Stand up

Grim's post about the Incas reminded me that I hadn't been over to "The Bleat" in a long time.  I find his little daughter has grown up considerably.  Today they're discussing a recent film expert poll that places "Vertigo" over "Citizen Kane," but the consensus of many of his readers is that "Casablanca" is better.

It's not an art film, nor subtle.  Just a perfect thing of its kind.  It's the prodigal son: "for this thy brother was dead, and is alive again; was lost, and is found." This is the first scene in which the surviving spark of humanity in Rick begins to flare up again. At the same time, you see in Ilsa's face why the story can't finish up with her leaving her husband. How many passionate love stories end with the lovers deciding to part rather than do wrong, and yet without painting them as tragic figures beaten down by their restrictive culture?

Notice how the tune of "Die Wacht am Rhein" meshes harmonically with "The Marseillaise," so that the conflict doesn't just sound like Charles Ives noise. Music, courage, and love. The Nazis banging away on the piano like robots are Jewish actors who had recently escaped Europe.


Grim said... see in Ilsa's face why the story can't finish up with her leaving her husband.

That's a good point.

What I've seen argued in the past is that Ilsa's loyalty is determined in the scene where Louie comes to arrest Victor, and she steps to Victor instinctively. But you're right: even at this point, much earlier in the film, it is clear that she loves him terribly.

One wonders if Rick dies in the war that he goes off to join. You have to hope that he did, and heroically, for his sake. War is the only thing that can make up for lost love: but if it ended and he survived, how powerful would be his longing to seek her out again.

Grim said...

By the way, those two songs -- the Watch of the Rhine, and La Marseillaise -- have a joint history. The French song was originally titled Chant de guerre pour l'Armee du Rhin, which is to say, 'War-song for the Army of the Rhine.' It was about French efforts to stand off invasions meant to end the Revolution; Napoleon went on to conquer the Rhine valley, and establish a confederation there as a sort-of buffer state between France and Germany.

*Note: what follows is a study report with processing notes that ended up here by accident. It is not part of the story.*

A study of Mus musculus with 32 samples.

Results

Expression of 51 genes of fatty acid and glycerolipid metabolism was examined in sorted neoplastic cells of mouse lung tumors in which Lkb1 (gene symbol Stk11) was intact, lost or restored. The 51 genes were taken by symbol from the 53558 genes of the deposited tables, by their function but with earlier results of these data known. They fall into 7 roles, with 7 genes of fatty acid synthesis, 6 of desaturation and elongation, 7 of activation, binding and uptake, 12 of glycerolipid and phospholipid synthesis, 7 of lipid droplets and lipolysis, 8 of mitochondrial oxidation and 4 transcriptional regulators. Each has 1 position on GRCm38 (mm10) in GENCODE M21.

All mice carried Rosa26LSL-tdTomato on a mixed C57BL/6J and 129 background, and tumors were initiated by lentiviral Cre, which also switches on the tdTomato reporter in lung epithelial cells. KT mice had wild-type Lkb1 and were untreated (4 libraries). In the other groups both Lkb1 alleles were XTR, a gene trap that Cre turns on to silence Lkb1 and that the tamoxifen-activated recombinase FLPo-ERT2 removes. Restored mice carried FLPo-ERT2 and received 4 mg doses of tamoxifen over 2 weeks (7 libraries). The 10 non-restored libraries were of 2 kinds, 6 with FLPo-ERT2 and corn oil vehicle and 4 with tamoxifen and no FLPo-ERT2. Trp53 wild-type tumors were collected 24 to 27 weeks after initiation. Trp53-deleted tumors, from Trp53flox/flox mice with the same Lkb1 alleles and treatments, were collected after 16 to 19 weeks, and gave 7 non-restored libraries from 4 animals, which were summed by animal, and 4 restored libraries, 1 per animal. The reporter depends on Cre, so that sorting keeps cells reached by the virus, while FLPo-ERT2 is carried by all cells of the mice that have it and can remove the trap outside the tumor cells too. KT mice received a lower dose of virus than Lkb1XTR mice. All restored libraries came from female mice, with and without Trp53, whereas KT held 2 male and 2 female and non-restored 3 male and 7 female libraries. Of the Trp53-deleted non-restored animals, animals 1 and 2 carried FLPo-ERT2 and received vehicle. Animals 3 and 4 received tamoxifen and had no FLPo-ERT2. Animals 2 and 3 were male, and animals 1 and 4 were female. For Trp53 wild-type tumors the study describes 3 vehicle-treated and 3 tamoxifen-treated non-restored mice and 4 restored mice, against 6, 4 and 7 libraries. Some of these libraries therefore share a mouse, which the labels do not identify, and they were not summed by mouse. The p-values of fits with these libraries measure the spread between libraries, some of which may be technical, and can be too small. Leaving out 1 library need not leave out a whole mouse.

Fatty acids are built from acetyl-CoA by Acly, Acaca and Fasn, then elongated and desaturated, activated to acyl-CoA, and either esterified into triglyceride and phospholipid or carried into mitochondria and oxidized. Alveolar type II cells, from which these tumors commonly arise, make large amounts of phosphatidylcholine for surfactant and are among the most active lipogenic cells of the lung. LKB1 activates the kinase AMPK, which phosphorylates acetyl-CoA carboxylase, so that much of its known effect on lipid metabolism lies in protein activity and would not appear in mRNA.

After the fall of Napoleon, the French continued to assert their claim to the Rhine -- at least as far as the river. The German song was written about the time of the Franco-Prussian war, to spur German-speakers (there was still no Germany yet) to resist the efforts to put German-speaking people who lived on the western side of the Rhine under French authority.

So you might say the two songs are opposing songs: they're about a very old conflict that Americans are barely aware of, but that has provoked several wars -- including some we've been drawn into.

Texan99 said...

It's not just that she loves him, but that she admires how he leads the crowd in resistance, and knows she has to be a part of that. It's the same realization Rick has come to when he relinquishes her at the end: Laszlo needs her, and the world needs Laszlo. She does her duty.

I see them both going on to lead happy lives. It will easier for them to live with the loss of each other than with the remorse that would have eaten them both up. As Rick says, they had lost Paris, but now they have it back and can keep it.

Nicholas Darkwater said...

It's understandable -- two lovers, separated for whatever reason, are able many years later to reconcile their feelings, yet recognize that they have forged other lives to which they are responsible. Other people love them now, & they love them back. They can move on now without the doubt of before, & the former pain is now a wistful memory.